But the Nokia N8 falls short when it comes to software and user experience - the downfall of previous Nokia N-Series phones we've reviewed.
In hand, the Nokia N8 feels lightweight, yet sturdy. It's slightly on the chunky side, measuring 113.5x59x12.9mm. The N8 will come in five colours: dark gray, silver white, green, blue and orange. The face of the phone is minimalist with the 3.5-inch 640-by-360-pixel display dominating its face with a single hardware button below it. This hardware button lets you switch between the homescreen and menu screen and when held down, shows you all of your open applications.
Nokia N8: Multimedia Monolith
The back of the Nokia N8 houses the rather large Carl Zeiss 12-megapixel camera and Xenon flash. That 12-megapixel snapper-the largest sensor on any phone according to Nokia-takes incredible photos, too. We took a few photos and were impressed how bright and natural colours looked and how sharp details appeared.
Additionally, there's a front-facing camera which ideally will work for video calling. Nokia said that while Fring and Qik apps do exist for the previous version of Symbian, they'll have to be rewritten for S^3.
The Nokia N8's camera also captures 720p HD video, which looked great on both the phone and played back on an HDTV. Yes, the N8 has HDMI out so you can play high definition videos from your phone to your home theatre. Even better, the HDMI adaptor is actually included in the box (unlike another HDMI-capable smartphones we can think of). Overall, the video-watching experience is brilliant on the N8. The phone not only supports HD quality video, but Dolby Digital surround sound as well. This is a boon for movie junkies and we hope that Nokia makes purchasing movies a simple process.
Nokia N8: Stale Software
We really dislike Symbian's typography. The boxy, small text just looks so late 1990s to me and simply isn't easy on the eyes. When Nokia announced the Symbian S^3 revamp, we had hoped for cleaner, more modern-looking typography and aesthetically pleasing icons. S^3 more or less looks the same as the previous version with some tweaks and added features here and there. The software also felt a bit slow, but according to Nokia, these particular demo review units were loaded with preproduction software. That's a relief, seeing as both the browser and social networking client crashed during our hands-on time.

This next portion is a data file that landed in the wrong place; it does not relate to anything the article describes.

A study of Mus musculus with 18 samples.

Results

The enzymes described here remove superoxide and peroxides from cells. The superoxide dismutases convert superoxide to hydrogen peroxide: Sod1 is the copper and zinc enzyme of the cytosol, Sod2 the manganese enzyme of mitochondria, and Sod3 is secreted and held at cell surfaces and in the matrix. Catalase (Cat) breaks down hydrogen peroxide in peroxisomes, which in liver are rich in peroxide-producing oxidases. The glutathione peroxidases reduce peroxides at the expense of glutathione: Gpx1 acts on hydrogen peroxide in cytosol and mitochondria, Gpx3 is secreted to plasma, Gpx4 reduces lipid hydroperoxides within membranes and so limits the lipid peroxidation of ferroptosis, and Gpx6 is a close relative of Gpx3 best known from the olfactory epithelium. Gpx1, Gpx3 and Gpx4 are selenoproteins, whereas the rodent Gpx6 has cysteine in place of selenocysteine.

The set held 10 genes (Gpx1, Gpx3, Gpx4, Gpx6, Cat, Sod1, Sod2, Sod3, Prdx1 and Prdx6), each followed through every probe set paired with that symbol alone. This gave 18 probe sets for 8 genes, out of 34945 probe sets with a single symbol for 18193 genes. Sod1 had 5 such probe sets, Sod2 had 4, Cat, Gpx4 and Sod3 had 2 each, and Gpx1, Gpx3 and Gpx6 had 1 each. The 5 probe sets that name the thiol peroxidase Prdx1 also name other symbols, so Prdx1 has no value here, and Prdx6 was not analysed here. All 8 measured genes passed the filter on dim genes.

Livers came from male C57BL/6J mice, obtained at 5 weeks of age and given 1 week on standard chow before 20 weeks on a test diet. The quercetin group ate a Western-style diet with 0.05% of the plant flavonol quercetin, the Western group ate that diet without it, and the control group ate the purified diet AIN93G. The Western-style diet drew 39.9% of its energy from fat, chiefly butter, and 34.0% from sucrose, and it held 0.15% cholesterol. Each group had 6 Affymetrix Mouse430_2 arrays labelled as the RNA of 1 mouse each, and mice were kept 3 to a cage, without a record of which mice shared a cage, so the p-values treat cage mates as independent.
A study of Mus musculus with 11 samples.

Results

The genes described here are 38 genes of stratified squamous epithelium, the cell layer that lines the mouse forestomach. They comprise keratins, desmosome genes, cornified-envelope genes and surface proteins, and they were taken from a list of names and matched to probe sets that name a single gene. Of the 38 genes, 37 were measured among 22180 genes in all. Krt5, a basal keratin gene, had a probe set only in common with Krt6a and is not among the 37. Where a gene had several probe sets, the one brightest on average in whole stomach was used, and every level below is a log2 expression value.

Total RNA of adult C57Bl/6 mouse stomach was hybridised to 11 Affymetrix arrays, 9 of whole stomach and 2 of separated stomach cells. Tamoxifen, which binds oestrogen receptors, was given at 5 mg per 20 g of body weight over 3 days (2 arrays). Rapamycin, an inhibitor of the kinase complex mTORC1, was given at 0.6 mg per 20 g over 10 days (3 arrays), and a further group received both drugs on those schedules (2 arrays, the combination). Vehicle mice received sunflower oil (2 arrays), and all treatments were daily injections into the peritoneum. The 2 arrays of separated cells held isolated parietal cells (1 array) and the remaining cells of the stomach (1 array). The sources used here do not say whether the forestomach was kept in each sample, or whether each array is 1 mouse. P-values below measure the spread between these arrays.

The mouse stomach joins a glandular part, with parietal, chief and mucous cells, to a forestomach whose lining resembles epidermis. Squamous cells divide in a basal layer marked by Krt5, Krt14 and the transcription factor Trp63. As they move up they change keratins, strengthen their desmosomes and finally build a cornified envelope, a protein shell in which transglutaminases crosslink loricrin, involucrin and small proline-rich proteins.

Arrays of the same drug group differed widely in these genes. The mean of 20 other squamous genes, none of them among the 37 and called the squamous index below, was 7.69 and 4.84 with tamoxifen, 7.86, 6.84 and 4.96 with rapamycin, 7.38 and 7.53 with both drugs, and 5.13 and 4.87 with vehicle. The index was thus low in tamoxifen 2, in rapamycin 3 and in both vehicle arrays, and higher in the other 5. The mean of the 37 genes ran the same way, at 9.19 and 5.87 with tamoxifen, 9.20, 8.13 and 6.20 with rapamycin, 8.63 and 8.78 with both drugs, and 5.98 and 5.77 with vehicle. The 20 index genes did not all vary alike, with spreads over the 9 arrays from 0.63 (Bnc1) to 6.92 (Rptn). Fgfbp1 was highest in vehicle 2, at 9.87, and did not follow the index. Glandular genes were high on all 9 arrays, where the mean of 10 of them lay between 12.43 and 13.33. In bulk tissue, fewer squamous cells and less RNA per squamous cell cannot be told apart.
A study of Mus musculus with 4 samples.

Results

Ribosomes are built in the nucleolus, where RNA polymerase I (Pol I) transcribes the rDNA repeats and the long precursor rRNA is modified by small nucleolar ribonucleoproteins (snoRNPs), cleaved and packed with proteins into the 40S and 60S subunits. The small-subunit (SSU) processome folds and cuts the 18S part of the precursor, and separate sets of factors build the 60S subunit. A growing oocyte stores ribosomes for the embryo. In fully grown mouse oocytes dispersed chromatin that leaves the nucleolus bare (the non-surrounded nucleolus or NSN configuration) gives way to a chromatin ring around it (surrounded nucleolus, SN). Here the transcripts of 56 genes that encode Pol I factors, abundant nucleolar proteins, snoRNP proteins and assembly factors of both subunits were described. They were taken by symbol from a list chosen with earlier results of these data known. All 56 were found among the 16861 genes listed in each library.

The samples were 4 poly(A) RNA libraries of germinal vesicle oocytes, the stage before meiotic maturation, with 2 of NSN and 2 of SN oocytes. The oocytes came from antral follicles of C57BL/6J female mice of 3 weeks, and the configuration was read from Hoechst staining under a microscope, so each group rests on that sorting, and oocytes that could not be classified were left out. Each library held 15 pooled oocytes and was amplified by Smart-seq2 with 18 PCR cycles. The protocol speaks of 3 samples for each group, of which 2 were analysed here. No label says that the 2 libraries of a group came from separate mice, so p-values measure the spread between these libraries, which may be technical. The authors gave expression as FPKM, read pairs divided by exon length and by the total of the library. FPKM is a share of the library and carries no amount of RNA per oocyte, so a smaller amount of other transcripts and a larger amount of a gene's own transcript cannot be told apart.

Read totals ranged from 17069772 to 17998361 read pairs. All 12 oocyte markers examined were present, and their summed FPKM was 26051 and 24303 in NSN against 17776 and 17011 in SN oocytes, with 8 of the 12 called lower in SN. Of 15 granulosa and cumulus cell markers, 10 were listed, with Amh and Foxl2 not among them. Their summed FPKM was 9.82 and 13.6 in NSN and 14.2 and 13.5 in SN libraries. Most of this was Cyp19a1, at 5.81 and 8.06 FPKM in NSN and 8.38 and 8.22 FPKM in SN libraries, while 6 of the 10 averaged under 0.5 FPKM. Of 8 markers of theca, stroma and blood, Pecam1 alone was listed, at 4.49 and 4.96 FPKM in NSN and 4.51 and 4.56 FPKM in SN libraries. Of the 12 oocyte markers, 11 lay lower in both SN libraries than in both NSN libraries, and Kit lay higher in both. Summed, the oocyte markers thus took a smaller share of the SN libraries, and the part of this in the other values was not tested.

There were a few features in the Nokia N8's software that didn't strike us as user-friendly. For example, unlike the iPhone OS, Android and webOS, you can't upload photos or videos to your social networks directly from the camera or gallery app. Instead, you must go into the dedicated Ovi social networking client, which aggregates your social networking accounts into a single app, to share your photos. Additionally, the on-screen keyboard felt too small and cramped - even more so than the native Android keyboard.
There are some improvements in S^3 from older versions of Symbian, such as multitouch in the browser and photo gallery, fewer taps required for navigation and a simpler multitasking system. And of course, Nokia's excellent, free navigation service Ovi Maps will be loaded on the phone.
The Nokia N8 will be available in the UK on carriers including Vodafone. Click here for the best deals on Nokia phones.